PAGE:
Ola, September 19, 2018

“Depression doesn’t define me, but it is part of me, and trust me, I’m not ‘mad’.”

Just because it’s called a mental health problem, it doesn't mean that I’m ‘mental’. 

I hate the word mental. There are so many negative connotations that surround it; to call a person mental is to call them mad, or out of control, or ludicrous. Yet, unfortunately, I have a condition that is defined as a mental health problem; I have depression.

In reality, I knew I did long before I actually got diagnosed. Let’s be honest, it’s hardly positive to have thoughts of wishing to simply not exist (or as I call them, ‘Bad Thoughts’.) However, because of the stigma behind the diagnosis, it took me years to even contemplate going to the doctors. I was so scared. From past experience, people would respond to the idea of depression as individuals simply feeling ‘sad’, or even just making up these emotions ‘for attention’. Then it would go to the other extreme of suggesting that I could be ‘crazy'. Trust me, it doesn't exactly instill confidence in those wanting to disclose this information to others.

It wasn’t until a particularly bad time, that I decided I actually had to go and seek help from professionals. It had begun to affect my ability at university, and it was getting ridiculous how long I had already left it. Always the procrastinator, I suppose. Nonetheless, and this is the important bit, I did go and get the help I so badly needed. I got a counsellor and began to actually start speaking everything through.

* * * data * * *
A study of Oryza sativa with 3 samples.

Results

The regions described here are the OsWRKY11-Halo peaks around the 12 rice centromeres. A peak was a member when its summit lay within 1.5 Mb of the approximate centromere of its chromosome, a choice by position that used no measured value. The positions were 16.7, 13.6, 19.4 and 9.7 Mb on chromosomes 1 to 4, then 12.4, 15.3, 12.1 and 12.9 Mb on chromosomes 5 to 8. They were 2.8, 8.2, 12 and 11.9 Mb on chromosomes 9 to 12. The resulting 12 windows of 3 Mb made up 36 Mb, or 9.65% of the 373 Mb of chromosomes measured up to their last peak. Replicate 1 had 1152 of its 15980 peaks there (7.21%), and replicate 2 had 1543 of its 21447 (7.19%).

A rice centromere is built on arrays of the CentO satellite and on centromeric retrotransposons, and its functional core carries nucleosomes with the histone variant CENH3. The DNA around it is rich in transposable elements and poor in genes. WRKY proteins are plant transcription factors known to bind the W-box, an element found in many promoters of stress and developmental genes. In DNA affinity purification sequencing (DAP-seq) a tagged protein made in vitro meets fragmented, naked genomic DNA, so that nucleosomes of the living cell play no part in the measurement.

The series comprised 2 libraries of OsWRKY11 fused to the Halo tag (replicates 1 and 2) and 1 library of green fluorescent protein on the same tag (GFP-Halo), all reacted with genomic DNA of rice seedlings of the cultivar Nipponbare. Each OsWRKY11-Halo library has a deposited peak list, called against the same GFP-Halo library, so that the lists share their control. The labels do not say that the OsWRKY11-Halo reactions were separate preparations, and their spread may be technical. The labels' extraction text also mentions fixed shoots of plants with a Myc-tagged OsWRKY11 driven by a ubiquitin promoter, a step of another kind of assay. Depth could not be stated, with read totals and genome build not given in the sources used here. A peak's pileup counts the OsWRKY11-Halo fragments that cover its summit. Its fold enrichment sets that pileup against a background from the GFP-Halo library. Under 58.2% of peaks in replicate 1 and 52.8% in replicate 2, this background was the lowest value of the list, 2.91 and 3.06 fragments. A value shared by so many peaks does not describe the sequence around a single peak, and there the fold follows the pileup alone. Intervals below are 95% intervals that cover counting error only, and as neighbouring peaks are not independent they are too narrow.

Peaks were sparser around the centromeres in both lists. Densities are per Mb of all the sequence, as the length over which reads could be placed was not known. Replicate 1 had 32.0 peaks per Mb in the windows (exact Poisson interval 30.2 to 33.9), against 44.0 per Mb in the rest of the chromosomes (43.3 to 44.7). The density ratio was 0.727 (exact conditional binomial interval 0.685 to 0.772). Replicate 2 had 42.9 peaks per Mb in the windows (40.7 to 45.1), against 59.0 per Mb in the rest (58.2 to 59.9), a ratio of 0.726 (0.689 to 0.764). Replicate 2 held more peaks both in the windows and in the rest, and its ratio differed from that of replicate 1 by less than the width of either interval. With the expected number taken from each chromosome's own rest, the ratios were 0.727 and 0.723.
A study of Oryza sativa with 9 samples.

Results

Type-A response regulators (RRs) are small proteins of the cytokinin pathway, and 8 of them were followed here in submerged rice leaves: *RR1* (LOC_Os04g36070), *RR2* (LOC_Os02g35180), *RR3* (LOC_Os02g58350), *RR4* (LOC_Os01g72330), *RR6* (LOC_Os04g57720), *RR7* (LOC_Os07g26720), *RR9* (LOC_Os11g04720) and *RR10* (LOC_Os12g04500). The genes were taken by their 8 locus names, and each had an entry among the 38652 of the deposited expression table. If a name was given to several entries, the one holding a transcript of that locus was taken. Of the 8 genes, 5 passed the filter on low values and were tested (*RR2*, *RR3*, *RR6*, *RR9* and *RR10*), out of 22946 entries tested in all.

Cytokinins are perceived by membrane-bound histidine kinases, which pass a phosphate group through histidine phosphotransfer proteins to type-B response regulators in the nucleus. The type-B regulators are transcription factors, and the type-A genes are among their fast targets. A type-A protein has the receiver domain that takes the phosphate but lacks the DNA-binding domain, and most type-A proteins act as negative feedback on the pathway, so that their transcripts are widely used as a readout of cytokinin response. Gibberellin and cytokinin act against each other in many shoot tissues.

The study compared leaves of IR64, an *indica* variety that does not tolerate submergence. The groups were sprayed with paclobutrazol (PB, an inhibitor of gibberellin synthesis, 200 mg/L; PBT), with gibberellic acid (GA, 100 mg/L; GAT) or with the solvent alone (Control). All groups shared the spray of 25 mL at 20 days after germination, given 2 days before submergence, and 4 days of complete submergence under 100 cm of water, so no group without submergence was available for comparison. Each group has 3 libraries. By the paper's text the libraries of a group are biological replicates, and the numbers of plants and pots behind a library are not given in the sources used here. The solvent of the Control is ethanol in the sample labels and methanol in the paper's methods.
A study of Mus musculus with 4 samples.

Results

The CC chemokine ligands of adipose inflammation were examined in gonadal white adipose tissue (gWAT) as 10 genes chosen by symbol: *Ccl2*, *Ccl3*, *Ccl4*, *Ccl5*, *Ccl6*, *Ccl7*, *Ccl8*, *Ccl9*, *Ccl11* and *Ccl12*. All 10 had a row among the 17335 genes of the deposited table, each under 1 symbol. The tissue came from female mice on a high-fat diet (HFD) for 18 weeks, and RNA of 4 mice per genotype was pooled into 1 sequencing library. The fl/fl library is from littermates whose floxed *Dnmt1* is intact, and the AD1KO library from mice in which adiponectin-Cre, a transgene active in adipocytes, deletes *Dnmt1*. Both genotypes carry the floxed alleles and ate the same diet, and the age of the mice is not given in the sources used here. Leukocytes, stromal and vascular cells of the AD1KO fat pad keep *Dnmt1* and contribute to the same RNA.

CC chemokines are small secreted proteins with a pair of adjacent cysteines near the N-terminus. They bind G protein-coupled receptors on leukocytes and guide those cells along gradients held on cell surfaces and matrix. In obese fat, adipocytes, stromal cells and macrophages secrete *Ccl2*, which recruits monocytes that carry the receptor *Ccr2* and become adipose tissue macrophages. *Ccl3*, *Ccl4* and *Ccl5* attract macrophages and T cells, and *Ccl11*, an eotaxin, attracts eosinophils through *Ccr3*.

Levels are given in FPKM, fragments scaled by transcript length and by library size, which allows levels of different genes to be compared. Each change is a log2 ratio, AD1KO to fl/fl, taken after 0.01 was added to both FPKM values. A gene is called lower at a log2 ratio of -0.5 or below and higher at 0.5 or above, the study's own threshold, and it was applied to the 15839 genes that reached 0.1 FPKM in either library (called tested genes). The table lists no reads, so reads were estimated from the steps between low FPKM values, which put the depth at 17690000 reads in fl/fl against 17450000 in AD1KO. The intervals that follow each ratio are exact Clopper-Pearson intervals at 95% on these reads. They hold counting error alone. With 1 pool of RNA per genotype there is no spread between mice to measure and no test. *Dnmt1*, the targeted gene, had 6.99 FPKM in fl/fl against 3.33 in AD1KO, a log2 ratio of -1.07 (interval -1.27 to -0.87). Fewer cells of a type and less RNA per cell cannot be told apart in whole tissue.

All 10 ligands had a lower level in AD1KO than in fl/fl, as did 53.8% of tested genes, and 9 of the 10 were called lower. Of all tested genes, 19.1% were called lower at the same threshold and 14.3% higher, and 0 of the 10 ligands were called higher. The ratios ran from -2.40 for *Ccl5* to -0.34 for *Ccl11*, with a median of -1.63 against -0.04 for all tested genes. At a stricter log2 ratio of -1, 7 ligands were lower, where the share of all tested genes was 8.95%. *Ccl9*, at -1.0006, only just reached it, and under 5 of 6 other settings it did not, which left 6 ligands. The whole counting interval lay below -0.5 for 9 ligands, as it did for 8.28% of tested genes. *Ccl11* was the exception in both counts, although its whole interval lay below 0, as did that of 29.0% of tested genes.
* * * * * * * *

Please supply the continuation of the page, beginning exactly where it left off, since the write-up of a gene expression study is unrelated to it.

Before all of this, I literally would not really tell anyone about my feelings, but now…well, I would rather say it and be honest, than pretend to be someone else. Everyone needs help sometimes, and that doesn’t make them a remotely weak person. I sometimes still struggle to deal with that perception of myself, but trust me, a large reason for the continuous stigma is the lack of conversation about it. Once you begin talking to friends, and family, you realise how many people have been through similar situations, or didn’t actually understand it in the first place. Since then, I’ve been asked multiple times about my condition and about what it involves. 

I’m a normal person, a strong person and an able person. Yes, sometimes I can be affected when my depression comes in waves, but I have found ways, and am always looking for new ways, to cope. It is a medical condition and needs more understanding. You wouldn’t go up to an asthmatic, and suggest that they are making up their breathing problem, so why is it okay to do that to someone with any mental health issue? 
Depression doesn’t define me, but it is part of me, and trust me, I’m not ‘mad’.